Narendra Modi chose to ignore Prime Minister Manmohan Singh's sharp attack on him on Friday in which he was accused of "presiding over mass massacre of innocent citizens on streets of Ahmedabad" in 2002.
At an event organised by Baba Ramdev, Modi hardly touched on Singh's onslaught against him except for a tangential reference to allegations levelled against him.
"When these days people level baseless allegations at me, I look back (at my life) and think how great this country is and how great its people are who have lifted a 'chaiwala' (tea-seller) on their shoulders... There is no place for disappointment for a man who has lived this life," he said.
Singh had at a press conference said that it would be "disastrous" for the country if Modi were to become Prime Minister.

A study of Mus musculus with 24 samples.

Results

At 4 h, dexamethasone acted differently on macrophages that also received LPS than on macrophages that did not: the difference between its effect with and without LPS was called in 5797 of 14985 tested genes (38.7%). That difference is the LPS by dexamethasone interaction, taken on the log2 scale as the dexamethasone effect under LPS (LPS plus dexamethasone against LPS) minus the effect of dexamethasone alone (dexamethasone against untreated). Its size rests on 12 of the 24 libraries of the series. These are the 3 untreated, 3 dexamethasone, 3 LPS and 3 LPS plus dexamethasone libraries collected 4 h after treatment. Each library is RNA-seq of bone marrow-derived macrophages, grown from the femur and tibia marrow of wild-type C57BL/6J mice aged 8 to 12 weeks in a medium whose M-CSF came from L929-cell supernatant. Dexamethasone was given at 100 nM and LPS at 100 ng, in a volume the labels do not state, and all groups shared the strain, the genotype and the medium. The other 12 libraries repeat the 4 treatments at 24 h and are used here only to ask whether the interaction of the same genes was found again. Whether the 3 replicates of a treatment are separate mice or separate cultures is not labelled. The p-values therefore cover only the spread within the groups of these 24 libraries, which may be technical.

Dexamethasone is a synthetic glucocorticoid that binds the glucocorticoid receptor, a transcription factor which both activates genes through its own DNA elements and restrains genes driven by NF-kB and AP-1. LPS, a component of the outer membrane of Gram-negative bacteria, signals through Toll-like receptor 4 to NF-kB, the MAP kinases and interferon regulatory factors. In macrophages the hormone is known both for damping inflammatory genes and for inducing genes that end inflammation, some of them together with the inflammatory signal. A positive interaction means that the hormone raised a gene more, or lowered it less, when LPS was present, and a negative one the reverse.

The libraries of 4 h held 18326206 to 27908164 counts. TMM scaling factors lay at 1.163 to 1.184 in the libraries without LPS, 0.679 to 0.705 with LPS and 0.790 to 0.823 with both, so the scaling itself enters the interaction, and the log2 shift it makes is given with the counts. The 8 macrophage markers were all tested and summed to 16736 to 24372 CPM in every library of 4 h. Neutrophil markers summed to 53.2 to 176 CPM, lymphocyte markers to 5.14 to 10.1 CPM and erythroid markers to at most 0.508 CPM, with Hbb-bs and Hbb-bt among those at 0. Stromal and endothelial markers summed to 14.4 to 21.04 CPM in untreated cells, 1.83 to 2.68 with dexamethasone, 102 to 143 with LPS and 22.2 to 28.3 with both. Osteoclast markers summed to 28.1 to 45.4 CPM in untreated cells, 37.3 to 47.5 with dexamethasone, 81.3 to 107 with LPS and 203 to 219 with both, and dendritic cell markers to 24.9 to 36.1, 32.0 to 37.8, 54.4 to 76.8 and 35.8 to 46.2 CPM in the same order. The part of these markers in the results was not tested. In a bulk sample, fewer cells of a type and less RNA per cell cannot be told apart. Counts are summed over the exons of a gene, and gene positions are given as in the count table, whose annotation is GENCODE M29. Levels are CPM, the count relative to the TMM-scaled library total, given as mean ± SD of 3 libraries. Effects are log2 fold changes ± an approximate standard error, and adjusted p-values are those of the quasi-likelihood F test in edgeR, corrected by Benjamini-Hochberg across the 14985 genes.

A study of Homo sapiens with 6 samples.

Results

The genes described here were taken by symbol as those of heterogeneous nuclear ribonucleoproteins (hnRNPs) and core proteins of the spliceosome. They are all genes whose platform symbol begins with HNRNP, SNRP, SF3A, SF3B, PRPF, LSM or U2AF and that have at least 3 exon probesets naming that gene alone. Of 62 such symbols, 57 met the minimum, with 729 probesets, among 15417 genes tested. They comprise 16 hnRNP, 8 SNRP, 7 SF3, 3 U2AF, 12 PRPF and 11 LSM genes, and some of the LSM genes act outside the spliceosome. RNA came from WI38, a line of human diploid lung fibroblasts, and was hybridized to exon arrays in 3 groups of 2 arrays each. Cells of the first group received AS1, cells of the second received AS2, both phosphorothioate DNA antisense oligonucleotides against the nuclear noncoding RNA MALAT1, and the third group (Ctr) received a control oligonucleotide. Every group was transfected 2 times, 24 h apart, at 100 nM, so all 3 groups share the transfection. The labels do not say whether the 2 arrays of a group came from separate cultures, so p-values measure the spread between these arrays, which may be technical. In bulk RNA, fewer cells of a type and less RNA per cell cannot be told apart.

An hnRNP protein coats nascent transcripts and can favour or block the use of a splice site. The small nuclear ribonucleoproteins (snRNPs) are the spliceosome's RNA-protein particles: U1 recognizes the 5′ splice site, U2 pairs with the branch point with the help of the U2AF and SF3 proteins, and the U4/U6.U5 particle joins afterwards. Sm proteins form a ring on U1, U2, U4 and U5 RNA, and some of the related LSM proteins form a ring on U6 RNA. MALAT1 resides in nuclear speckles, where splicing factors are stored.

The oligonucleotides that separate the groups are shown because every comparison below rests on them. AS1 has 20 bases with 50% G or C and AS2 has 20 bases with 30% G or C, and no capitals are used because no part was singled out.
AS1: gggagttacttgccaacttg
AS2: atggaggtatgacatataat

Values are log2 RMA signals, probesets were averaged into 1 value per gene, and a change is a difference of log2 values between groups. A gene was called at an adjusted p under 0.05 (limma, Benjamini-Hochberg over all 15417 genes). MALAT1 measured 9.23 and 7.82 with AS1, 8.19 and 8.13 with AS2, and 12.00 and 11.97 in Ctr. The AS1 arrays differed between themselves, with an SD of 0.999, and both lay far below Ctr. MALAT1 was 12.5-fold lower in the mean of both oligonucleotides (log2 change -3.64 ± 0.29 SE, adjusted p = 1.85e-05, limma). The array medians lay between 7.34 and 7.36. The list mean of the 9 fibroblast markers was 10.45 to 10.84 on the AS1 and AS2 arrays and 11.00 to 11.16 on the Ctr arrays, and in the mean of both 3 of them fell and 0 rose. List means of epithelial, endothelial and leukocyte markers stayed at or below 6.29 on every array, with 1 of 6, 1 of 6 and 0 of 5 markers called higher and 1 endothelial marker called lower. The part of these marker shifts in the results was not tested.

The Prime Minister was, however, at the receiving end of the attack by Leader of Opposition in Rajya Sabha Arun Jaitley.
Jaitley, who spoke before Modi at the same event, said the one lesson they could learn from Singh's tenure was that the post of PM is not a mere "employment".
"It is not an employment. History won't judge you on how many years you served but what you did for the country," he said in his dig at Singh, who had hoped history would be kinder to him than media and opposition.
He said a contest seemed to be on between Ramdev and Modi as to who is the more victimised man for UPA government's attempts to cook up false cases against them.
"There won't be probably any kind of probe which has not been ordered against Modi. After 10-12 years, he has come out unscathed," Jailtey said.
Taking on Singh for his remarks that he considered Indo-US nuclear treaty as a high point of his tenure, Jaitley said it was rather a "most shameful" moment because MPs were "bribed" to ratify the agreement in Parliament.
Ramdev took objections to Singh's attack on Modi, asking if the PM had no trust in the judicial system which has given a clean chit to BJP's Prime Ministerial candidate.